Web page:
Most cannabis execs talk for hours about terpene profiles and their favorite strains, but Google is like a locked box they can’t figure out how to open. Though it may not be especially sexy, a Google My Business profile is every bit as valuable a piece of real estate as that corner lot adjacent to the Costco for your dispensary. It is your digital front door, and by helping the Google algorithm to understand who you are and what you do, you’re putting a blinking sign right above that front door.
Selecting the Wrong Category or Categories
It’s incredible to me how many dispensaries bypass ‘cannabis store’ while scrolling through GMB’s 3,942 possible categories to select alternative medicine practitioner, wellness clinic, herb shop or pharmacy. And to some extent, it’s totally understandable. In the weed business, we’ve learned that Big Tech tolerates cannabis, until they don’t. We all know someone who has spent years building a robust social media following, just to get the dreaded, “you’ve violated our terms of service,” notification and have it all wiped away. But if someone’s looking for a place to buy weed and Google can’t figure out if you sell pre-rolls, massages, tumeric or Alka-Seltzer, you’re probably going to the back of the line when someone searches for a ‘dispensary near me.’
While it may be true that, as a cannabis shop, you don’t have access to the same features you might have otherwise - you won’t be able to add products, use Posts, or run ads - as a business that sells weed, all those things are off limits anyway. Even if you can get away with it temporarily, the Google overlords will figure out what you’re up to eventually, and you don’t want to incur their wrath. Seriously.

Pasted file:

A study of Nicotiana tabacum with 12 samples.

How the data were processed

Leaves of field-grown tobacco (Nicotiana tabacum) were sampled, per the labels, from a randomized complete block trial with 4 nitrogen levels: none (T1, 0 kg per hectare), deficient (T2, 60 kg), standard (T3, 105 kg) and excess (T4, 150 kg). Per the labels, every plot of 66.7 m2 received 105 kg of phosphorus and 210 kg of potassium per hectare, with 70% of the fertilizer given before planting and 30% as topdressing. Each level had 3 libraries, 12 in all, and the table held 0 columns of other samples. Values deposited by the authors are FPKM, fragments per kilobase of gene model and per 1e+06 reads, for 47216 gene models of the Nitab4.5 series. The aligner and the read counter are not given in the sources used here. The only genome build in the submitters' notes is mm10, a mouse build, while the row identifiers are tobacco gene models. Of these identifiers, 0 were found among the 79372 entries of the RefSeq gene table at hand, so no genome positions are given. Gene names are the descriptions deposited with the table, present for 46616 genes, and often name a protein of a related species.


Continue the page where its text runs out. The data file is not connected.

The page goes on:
Not Responding to Reviews
I get it. You’ve got staffing issues. Vendors chasing you. Miles of red tape. A POS system that sometimes makes you think POS stands for something other than Point-Of-Sale. And to top it all off, you can’t even access regular banking despite the fact that your business’ tax dollars are bankrolling all sorts of special projects across your state. Responding to reviews can be tedious, time-consuming, and you’re not even sure if it does any good.
I’m here to tell you that it does. Google rewards engagement, and by responding to reviews, you’re showing Google that you’re an active local business that cares about its customers, so you’ll rank higher as a result. If you don’t have time to do it yourself, consider giving it as a stretch assignment to a team lead. It will give an employee an opportunity to show that they can handle additional responsibilities, and it’ll get at least one thing off your plate. Everyone wins.
Not Updating Photos
If you don’t bother to add photos to your GMB page, guess what you’ll get by default? Whatever photo Google Earth took for your address. And if that photo happens to be two bums sharing a forty outside of the Cricket store you just moved into, so be it.
Humans are visual creatures. I don’t know about you, but I’d much rather look at a couple of photos than skim a block of text. Not only that, but photos can be a fantastic way to communicate important information about your business. If you have a mask policy, post photos of staff wearing them to assuage the fears of high-risk customers. Interiors, exteriors, product, budtenders- whatever works for you. No need to rush out and hire a professional photographer - at this point we all have a high resolution camera in our pocket - but aim to get the best photos you can. Sixty is a good number to shoot for. I’ve found that photos with people in them tend to get the most engagement (just make sure you get permission before posting!)
A fully updated Google My Business profile should be an essential part of your dispensary digital marketing strategy. Google is a customer-first platform - the algorithm wants to recommend the best possible business when someone searches ‘dispensary near me.’ By helping Google to understand your business and showing that you’re active and engaged in your community, you’re not only making sure that the light above your digital front door is on, but you’re also helping to show customers searching on Google the way to it.